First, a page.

Why tennis will never be plunged into the incendiary sexism storm Joey Barton has ignited in football

Sue Barker at Wimbledon

Former Premier League footballer Joey Barton threw himself into the eye of a storm after suggesting former female footballers are ‘not qualified’ to commentate or offer post-match analysis on men’s football matches, yet such inflammatory accusations have never been served up in tennis.

The ex-Newcastle and Manchester City midfielder sparked a special media storm when he suggested female pundits were appearing as analysts on broadcasts of men’s football matches to allow broadcasters to “tick a box” and argued their employment was all part of the “woke agenda”.

Barton’s comments have predictably inspired a passionate backlash from female ex-players who defended their right to be part of the men’s game, with prominent BBC presenter Alex Scott making her points after a broadcast of a Women’s Super League game on Sunday.

“To all the women in football, in front of the camera or behind it, the players on the pitch, to everyone that attends games – keep being the role models that you continue to be,” Scott told the BBC. “To all those young girls that are told ‘no you can’t’, football is a better place with us all in it.”

While this debate is now set to be taken to the next level in football following Barton’s incendiary comments, tennis is never likely to be dragged into a similarly unsightly gender battle.


Prominent female footballs such as USA superstar Megan Rapino have led the charge for women to be rewarded with similar wages to that of their male counterparts, but this is an unrealistic ambition at this point in the evolution of women’s football. 

England’s Premier League football chiefs signed a new £6.7billion deal with Sky Sports and TNT Sports last week in a landmark broadcast deal that contrasts with a reported £8million deal Sky agreed to broadcast Women’s Super League games in England.

Those promoting the idea that players performing in the Women’s Super League matches that often attract crowds of less than 1,000 spectators should be paid at the same level as male counterparts who play in front of sell-out crowds and global audiences of tens of millions are clearly misguided.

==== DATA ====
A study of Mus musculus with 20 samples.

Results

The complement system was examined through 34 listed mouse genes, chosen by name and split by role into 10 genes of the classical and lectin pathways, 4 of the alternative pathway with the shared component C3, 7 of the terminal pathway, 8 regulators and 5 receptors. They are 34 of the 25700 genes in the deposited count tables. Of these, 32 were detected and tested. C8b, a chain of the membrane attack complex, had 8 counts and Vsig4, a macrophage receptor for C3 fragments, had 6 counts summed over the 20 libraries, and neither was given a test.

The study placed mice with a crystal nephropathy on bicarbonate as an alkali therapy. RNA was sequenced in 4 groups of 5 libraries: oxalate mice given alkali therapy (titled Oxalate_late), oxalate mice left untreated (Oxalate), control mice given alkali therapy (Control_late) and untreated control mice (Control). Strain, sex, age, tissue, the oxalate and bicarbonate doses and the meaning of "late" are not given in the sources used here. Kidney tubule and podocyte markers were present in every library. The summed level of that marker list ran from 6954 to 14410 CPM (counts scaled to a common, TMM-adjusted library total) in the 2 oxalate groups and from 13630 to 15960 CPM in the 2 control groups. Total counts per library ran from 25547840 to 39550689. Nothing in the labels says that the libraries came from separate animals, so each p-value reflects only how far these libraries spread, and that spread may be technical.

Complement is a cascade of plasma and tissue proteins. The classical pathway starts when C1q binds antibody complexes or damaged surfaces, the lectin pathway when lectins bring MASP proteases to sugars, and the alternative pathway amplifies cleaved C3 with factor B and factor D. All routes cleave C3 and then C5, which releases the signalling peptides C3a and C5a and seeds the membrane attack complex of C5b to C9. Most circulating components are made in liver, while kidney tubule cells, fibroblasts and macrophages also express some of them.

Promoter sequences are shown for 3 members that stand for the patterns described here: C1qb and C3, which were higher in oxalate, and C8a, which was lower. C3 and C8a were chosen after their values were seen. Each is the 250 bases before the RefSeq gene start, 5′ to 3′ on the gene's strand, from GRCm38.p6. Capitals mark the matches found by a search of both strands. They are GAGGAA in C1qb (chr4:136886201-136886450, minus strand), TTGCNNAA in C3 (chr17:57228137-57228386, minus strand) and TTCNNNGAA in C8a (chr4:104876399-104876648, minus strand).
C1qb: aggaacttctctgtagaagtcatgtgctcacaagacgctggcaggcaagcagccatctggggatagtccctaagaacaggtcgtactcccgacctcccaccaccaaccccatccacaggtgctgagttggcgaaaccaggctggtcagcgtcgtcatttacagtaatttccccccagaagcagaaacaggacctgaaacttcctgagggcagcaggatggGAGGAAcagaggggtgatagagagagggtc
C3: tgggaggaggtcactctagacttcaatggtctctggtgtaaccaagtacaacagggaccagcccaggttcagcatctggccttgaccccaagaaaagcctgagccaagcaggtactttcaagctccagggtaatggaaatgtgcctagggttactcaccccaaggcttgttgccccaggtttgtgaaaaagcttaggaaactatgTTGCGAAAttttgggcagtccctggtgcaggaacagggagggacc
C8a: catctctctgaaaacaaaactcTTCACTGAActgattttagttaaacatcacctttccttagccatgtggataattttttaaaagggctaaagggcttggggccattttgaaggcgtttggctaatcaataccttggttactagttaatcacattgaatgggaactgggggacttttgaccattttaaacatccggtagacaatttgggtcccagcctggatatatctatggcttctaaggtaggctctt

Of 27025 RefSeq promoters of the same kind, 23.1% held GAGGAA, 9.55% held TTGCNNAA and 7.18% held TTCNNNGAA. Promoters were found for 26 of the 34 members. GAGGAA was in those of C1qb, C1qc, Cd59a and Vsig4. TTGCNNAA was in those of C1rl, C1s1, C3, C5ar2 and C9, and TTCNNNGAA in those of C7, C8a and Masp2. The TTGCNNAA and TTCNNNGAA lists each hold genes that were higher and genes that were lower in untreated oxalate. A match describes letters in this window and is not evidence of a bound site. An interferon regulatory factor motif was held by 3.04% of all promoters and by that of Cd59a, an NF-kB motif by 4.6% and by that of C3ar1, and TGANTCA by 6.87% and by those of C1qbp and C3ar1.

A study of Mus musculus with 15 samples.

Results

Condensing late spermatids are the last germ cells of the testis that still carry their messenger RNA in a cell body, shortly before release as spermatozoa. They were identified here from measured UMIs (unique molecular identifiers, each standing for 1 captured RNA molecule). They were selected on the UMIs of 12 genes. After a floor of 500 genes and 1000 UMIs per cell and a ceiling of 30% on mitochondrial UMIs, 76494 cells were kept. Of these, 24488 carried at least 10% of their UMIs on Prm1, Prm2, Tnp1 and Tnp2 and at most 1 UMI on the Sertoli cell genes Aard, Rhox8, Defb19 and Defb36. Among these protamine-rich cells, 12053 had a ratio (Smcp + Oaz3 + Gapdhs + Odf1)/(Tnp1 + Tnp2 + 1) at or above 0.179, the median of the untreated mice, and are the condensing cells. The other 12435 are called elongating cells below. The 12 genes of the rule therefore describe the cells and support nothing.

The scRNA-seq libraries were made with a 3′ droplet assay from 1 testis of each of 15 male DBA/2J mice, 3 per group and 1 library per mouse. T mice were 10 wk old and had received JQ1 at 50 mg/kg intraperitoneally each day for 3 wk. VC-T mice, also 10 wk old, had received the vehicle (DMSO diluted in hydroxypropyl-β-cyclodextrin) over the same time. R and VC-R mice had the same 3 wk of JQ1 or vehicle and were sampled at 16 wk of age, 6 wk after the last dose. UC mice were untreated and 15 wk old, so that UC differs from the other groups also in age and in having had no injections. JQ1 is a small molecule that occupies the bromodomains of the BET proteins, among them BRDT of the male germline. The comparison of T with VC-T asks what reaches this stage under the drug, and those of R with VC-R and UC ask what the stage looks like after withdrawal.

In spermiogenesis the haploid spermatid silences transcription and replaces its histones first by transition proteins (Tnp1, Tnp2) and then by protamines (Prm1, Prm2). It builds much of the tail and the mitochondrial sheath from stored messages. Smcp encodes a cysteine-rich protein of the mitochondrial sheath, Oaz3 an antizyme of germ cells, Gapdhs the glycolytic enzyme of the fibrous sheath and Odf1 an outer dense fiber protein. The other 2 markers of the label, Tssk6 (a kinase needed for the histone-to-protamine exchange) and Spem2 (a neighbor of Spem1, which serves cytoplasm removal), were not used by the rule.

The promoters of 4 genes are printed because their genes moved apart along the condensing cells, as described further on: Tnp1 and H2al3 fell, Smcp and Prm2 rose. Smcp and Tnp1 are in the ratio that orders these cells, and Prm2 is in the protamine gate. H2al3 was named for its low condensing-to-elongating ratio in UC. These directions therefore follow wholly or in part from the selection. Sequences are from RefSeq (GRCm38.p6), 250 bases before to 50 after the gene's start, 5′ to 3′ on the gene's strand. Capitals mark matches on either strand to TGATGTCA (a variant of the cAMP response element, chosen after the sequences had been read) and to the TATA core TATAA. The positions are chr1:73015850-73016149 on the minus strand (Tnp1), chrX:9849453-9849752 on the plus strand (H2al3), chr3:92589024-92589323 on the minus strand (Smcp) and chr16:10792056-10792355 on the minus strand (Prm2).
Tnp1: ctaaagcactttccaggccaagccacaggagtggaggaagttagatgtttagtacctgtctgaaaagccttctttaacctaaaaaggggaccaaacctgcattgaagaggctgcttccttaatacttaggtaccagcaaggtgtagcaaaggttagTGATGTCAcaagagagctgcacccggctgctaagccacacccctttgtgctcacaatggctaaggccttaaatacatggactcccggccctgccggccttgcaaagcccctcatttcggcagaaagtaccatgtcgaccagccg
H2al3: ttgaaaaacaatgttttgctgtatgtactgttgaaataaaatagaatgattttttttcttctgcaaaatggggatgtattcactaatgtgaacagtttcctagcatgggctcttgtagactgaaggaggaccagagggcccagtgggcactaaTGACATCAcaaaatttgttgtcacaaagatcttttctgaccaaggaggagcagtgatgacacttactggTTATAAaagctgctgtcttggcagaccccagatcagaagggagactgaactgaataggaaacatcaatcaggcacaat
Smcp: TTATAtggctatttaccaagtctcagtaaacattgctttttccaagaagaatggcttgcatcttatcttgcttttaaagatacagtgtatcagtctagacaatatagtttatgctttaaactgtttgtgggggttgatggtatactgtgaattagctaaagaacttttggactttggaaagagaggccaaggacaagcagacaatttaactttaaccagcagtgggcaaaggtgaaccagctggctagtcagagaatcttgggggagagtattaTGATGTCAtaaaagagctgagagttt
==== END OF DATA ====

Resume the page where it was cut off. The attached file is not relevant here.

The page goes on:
Yet tennis has a very different historical framework that ensures these debates are never considered to be an issue in our sport.


Tennis has paved the way as a gender-balanced sport over the last 50 years, with female icon Billie Jean King leading the charge towards equal pay for men and women at Grand Slam events.

With the players sharing the same stage at the four majors in tennis, spectators buy tickets to watch both men and women playing and broadcasters sign deals to screen women’s and men’s matches.

The best-of-five-set matches compared to the three-set women’s matches in Grand Slam tournaments ensure women get paid more than their men when comparing their respective workloads, yet this equal pay stance is a point of pride for many in tennis. 

In 1973, tennis icon Billie Jean King led the campaign that ended with the US Open becoming the first of the four Grand Slam tournaments to offer equal prize money to men and women competitors, a pioneering move that shook the sport and began to reshape it toward a more equitable future.

The other Grand Slams duly followed, with the $9,857,686 in prize money collected by world No 1 Iga Swiatek in 2023 evidence of the huge rewards on offer for female tennis players. 


Joey Barton’s inflammatory comments on female football pundits commenting on the men’s game will gain some support from male viewers, yet that argument has never been raised in tennis.

Former player Sue Barker was one of the most respected tennis broadcasters during her enduring reign as the BBC’s Wimbledon anchor and Clare Balding, her successor in that role, is an outstanding broadcaster who has huge respect in the media business.

In addition, ex-players Laura Robson, Barbara Schett, Annabel Croft, Tracy Austin and tennis legend Martina Navratilova are all respected for the knowledge and expertise they bring to the commentary box.

Playing on the same tennis stages as male players certainly gives ex-tennis players who shone in the women’s game an advantage over their female football counterparts when they are asked to give their views on the men’s game. 


The lack of pushback from high-profile male former players is evidence that Barton’s views may well be supported by some in football, but tennis can be grateful that it will not be drawn into this debate. 

“Women’s sports is a microcosm of society, and how we do spills over into other areas, business in particular, and whatever accomplishments of any kind – whether it be in music, art, doesn’t matter – it encourages others,” said Billie Jean King.

“It takes many generations to change things, but the generation today can start changing by what they tell their children. And men have a lot to do with it with their daughters.

“We’re now at a tipping point where people are investing in us and believing in us because they think we’re going to make money.

“We have to keep working harder and harder because we have a long way to go.”